Why are some people so idealistic that they are willing to go to extremes and even die for a cause? Ideals activate the approach system and so thinking about them can feel great and relieve anxiety. An attractive feature of ideals, as opposed to, say, cake, is that ideals are abstract and so can activate approach motivation efficiently, without concrete intention or consequences (or calories). They also remain compelling even when life circumstances are bleak. Merely imagining an ideal vision can mobilize eager approach states and begin to mute anxiety immediately. Ideals can be hostile, as with mass-shooters and terrorists who usually justify their actions with self-serving ideals or utopias tinged with punitive justice or revenge. Ideals can also be narcissistic—focused on personal perfection, admiration, desirability,
or superiority. They need not be antisocial, small-minded, or egocentric, however. They can be ideals of magnanimity, inclusivity, love, truth, progress, social harmony, compassion, or beauty. Thinkers since Pythagoras and Socrates
have attributed the surprising psychological power of abstractions to otherworldly, transcendent realms that are more perfect than physical reality. Throughout history this intuitive attributional tendency has sometimes been used to justify devaluation or even disdain for physical reality. When this happens, going to extremes and causing physical harm for an idealistic cause can therefore seem like a reasonable and noble decision for some people, especially when physical reality offends their idealistic convictions.
Ideals of any kind are difficult to maintain in solitary imaginations, however. Because they are abstract, they have no objective referents, and so they require social consensus to stabilize them. Without consensus-bolstered confidence, exposure to alternative ideals can raise doubts about personal ideals, which can cause more of the anxiety that the ideals served to suppress. (Recall that anxiety arises from conflicted or uncertain goals and since ideals are abstract goals that operate according to the same principles as concrete goals, conflicted or uncertain ideals can also cause anxiety.) Confidence in ideals accordingly benefits from relationship or group consensus that can reify lonely abstractions into confident and inspiring convictions. Narratives of charismatic leaders, role models, and exemplars of desired ideals are often used to help make ideals more concrete, and to facilitate the consensual conviction of ideologies and worldviews.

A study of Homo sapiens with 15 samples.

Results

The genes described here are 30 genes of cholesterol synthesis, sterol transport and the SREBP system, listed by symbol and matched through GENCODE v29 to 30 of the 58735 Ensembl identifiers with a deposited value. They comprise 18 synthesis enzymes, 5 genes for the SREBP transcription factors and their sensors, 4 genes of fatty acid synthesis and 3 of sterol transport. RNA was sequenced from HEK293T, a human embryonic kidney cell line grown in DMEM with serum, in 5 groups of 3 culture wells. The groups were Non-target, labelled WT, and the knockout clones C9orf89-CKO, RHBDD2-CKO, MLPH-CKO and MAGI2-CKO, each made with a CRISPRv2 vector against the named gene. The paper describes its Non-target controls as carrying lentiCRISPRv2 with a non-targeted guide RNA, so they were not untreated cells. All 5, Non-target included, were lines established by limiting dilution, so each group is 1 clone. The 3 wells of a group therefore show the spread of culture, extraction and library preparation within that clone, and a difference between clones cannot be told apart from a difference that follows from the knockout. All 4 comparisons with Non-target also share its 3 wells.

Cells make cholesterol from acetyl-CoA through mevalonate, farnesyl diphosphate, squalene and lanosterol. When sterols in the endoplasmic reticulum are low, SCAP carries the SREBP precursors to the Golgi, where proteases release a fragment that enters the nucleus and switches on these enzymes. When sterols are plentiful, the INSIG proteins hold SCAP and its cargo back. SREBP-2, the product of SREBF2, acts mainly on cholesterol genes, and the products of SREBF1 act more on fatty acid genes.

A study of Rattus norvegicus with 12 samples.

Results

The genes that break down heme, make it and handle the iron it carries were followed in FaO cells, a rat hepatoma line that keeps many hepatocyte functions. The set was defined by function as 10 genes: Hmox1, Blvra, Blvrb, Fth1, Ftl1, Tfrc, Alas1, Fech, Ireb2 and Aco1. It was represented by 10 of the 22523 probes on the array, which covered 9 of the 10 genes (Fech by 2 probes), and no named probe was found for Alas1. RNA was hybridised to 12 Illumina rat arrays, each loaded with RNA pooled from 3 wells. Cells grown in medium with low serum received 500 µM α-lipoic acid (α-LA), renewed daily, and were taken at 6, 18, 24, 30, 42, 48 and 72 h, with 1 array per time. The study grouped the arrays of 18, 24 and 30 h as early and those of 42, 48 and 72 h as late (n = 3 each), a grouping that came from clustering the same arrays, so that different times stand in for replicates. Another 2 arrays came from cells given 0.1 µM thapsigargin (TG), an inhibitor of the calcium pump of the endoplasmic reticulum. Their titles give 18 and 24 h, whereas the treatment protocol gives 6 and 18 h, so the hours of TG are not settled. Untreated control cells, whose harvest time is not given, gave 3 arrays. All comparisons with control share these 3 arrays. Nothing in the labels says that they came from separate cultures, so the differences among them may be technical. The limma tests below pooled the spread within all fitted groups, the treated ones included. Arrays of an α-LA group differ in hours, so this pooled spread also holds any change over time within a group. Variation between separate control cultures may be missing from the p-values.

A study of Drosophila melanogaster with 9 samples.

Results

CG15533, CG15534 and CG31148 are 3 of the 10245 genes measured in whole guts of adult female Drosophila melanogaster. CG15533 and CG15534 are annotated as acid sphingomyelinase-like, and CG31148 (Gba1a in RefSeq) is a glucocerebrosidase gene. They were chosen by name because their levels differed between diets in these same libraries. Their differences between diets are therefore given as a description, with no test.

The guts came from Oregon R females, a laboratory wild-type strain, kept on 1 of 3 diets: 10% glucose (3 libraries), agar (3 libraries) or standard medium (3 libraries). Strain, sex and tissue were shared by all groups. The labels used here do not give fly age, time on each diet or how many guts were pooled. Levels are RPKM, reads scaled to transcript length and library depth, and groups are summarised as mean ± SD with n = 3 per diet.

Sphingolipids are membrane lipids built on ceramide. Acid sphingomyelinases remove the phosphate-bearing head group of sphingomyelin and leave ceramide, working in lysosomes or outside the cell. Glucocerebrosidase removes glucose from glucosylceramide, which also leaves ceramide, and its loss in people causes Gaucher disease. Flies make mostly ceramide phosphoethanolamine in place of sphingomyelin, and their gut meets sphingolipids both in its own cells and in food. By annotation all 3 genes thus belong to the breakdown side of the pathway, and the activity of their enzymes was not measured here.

A dark-side of ideologies and worldviews is that they are so psychologically vital for some people that they can be intolerant of dissent. Anxious circumstances make people more reliant on them for approach-motivated relief from the anxiety, and accordingly also more inclined toward hostile derogation and punishment of ideological dissenters and deviants. Some people seem especially oriented toward ideals as levers for approach motivation. Specifically, in one series of recent studies we found that people who reported high scores on the tendency to seek meaning in life responded with a particularly large surge in approach motivation after writing about their most important values and ideals in life. In other studies we have found that people who say that their lives are oriented toward the promotion of ideals to be particularly inclined toward idealistically extreme reactions to frustrating and uncertain experiences. People with anxious personalities are also particularly inclined toward all kinds of reactively extreme and idealistic defenses to anxious experiences. Dynamics of the anxiety and approach systems thus seem to fuel important social phenomena related to ideology and worldview defense.